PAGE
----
The Science of Sleep and Sound
Dr. Rebecca Robbins
July 20, 2018
Dr. Rebecca Robbins is a sleep researcher whose work examines how sleep impacts our daily lives and can help us meet our full potential. She is partnering with Beautyrest to put a renewed focus on sleep—exploring the connection between sleep and other aspects of our lives. She will be providing ongoing insights from scientific literature as well as strategies for optimal rest and recovery.
Our senses, such as sight, sound, and smell, all impact our ability to fall asleep and stay asleep. Sound is one factor that has a particularly pronounced impact upon sleep. Unfortunately, disruptive sounds (e.g., fire engines, motorcycles, dogs barking) are one silent thief in the night, robbing you of the restorative rest your body so desperately needs. On the other hand, evidence suggests that sound can also be a powerful contributing force to release stress, tension, and prepare your body for the sound slumber that will allow you to wake up to a productive tomorrow.
SOUND AND SLEEP: EXAMINING THE EVIDENCE
Calming sounds, like rainforest sounds or peaceful music, can soothe and transport us. Soft sounds ease our mind away from unhealthy thought patterns or stressors and induce relaxation—all essential components of restorative rest.
For these reasons, music and sound therapy are part of a suite of recommendations for healthy sleep, and there’s research to support it.
First, research among older patients (average age was around 70) with sleep difficulty found listening to music before bed was associated with several signs of improved sleep health, including longer sleep duration and reduced sleep latency (Lai & Good, 2006). Also, research with post-operative patients found listening to music was associated with improved sleep and even lower pain than patients who did not listen to music (Zimmerman et al., 1996). Finally, when white noise was played, or a soft sound with equal intensities, for newborns, 80% fell asleep within five minutes compared to only 25% falling asleep in five minutes without white noise (Spenser et al., 1990).
Consequently, sound can be used to improve sleep, particularly among those experiencing difficulty falling asleep.
WHICH TUNES TO CHOOSE FOR OPTIMAL REST
It may not surprise you that store shelves are full with sound producing gadgets and gizmos for inducing relaxation and rest. Which tones should you choose to help you relax and slip into sleep?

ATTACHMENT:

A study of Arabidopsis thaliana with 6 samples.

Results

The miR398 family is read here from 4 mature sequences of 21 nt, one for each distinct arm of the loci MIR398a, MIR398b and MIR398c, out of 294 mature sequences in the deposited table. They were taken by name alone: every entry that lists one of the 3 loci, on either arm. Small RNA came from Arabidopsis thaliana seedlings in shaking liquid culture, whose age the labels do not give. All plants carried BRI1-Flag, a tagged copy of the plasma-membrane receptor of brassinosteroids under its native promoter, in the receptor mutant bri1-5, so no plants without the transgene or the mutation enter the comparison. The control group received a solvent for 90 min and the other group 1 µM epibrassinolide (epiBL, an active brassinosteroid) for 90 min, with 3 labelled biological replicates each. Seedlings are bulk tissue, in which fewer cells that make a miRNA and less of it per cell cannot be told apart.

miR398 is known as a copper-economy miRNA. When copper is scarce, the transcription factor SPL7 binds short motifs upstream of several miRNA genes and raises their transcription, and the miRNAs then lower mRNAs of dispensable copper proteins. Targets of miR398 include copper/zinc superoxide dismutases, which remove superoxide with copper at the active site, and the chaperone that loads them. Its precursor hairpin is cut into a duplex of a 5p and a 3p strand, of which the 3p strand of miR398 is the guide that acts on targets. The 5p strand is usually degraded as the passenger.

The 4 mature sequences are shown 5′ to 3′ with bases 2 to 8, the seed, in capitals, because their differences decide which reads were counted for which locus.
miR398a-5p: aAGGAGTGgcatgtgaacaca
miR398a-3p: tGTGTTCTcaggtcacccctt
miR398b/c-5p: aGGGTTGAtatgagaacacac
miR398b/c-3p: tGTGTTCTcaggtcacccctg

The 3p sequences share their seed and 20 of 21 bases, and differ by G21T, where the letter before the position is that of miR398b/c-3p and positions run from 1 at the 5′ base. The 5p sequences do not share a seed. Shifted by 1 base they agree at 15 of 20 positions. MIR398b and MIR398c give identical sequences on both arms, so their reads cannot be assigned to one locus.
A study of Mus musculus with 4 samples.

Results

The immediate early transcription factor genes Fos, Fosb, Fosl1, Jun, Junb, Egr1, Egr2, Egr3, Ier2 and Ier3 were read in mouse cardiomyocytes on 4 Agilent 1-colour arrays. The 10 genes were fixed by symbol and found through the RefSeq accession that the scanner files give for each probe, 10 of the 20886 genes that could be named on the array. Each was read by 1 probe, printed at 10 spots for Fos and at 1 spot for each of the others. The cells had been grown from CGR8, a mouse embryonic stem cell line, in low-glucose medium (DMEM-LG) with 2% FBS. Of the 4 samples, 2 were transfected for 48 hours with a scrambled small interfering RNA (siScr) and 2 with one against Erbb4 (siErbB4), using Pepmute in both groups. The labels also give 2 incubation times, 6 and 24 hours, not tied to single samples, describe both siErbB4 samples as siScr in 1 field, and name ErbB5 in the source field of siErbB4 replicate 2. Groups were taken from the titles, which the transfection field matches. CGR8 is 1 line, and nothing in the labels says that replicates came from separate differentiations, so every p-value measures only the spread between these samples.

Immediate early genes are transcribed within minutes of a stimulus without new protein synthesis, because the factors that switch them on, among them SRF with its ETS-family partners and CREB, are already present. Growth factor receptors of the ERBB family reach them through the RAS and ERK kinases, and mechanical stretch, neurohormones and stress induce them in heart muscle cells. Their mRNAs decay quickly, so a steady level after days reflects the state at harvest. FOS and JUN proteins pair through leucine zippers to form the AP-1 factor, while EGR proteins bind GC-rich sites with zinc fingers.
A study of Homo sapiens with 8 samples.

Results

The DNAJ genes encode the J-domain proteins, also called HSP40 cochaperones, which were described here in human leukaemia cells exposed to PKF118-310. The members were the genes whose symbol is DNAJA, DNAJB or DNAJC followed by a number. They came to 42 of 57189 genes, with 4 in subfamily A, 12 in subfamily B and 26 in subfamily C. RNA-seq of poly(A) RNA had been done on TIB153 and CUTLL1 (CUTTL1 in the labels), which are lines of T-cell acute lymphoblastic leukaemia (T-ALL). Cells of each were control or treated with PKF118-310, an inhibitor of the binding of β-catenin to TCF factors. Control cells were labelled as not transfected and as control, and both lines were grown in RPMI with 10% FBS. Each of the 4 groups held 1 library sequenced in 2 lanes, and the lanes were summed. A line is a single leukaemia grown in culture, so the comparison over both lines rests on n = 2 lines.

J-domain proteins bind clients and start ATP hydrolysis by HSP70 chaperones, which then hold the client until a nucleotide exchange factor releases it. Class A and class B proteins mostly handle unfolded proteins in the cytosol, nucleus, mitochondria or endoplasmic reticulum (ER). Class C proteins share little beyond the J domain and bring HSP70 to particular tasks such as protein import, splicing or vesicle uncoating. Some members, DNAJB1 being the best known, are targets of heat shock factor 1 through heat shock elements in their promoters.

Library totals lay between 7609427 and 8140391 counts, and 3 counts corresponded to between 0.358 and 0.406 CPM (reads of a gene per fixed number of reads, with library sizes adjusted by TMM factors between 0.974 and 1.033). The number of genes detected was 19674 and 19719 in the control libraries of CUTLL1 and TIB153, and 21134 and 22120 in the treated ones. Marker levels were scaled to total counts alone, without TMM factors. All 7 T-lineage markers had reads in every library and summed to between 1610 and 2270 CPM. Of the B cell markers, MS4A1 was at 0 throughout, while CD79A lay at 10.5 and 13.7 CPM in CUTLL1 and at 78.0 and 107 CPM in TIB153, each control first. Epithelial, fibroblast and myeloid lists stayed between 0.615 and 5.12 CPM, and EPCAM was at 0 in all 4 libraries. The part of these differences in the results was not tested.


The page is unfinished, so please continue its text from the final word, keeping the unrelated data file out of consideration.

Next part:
Research suggests specific types of sound may be beneficial. For instance, research has found the sound of naturally occurring phenomena, such as rainfall, termed ‘pink noise,’ played throughout the night, can improve sleep parameters and enhance memory consolidation (Papalambros et al, 2017). Other research has drawn attention to a type of music termed binaural beat technology (BBT) and its implications for sleep. Research among veteran soldiers with post-deployment stress suggests listening to BBT music may be associated with reduced stress, lower heart rate, and improved sleep (Gant et al., 2017).
If you are experiencing sleep difficulty, you may consider trying a standalone gadget or mobile app that produces sound to help ease you into the rest to wake up to a productive tomorrow.
THE DOWNSIDE TO SOUND
While soothing sounds can improve sleep, there is a downside to sound, particularly when it is unwanted at night. Noises in our environment can be out of control and is a particularly pressing issue for health in urban settings that are densely populated with individuals who may have differing patterns of their wakefulness and sleep.
Also, in our 24-7 society, trash removal, road maintenance, and construction often are scheduled at night so as to reduce adverse impacts on traffic congestion during the daylight which can introduce noise that might affect sleep quantity and quality.
In research with a large sample of adults living in Finland, exposure to nighttime outside noise was associated with about 1.3 times more insomnia (e.g., difficulty maintaining sleep, or waking up too early) than to individuals who were not exposure to nighttime noises (Halonen et al., 2012).
KEEPING UNWANTED SOUND AT BAY
Unfortunately, nighttime noise can sometimes be out of our control and is a problem for many of us. In New York City alone, there are over 420,000 complaints about nighttime noise each year. According to the American Speech Language Center, noise in decibels of about 40 is the noise level of a quiet room and is thus optimal for sleep. Noise of 60 decibels, however, or the sound of a quiet conversation, is enough to disrupt sleep.
If you find noise routinely interrupts your sleep, you may consider protecting yourself with earplugs to block out noise that might interrupt your sleep. Earplugs come in different shapes, textures, and sizes and can cut down noise by up to 30 decibels.
Another strategy for keeping unwanted noise at bay is to use white or pink noise that creates a background level of noise to dampen intermittent sounds that might cause you to awaken from sleep.
Sound is intimately related to the quality and quantity of our rest. Sound can be used to your advantage, but it can also disrupt the quality of your sleep. If you experience difficulty sleeping, you may consider including light, relaxing music, pink or white noise into your bedtime routine to wake up to a productive tomorrow.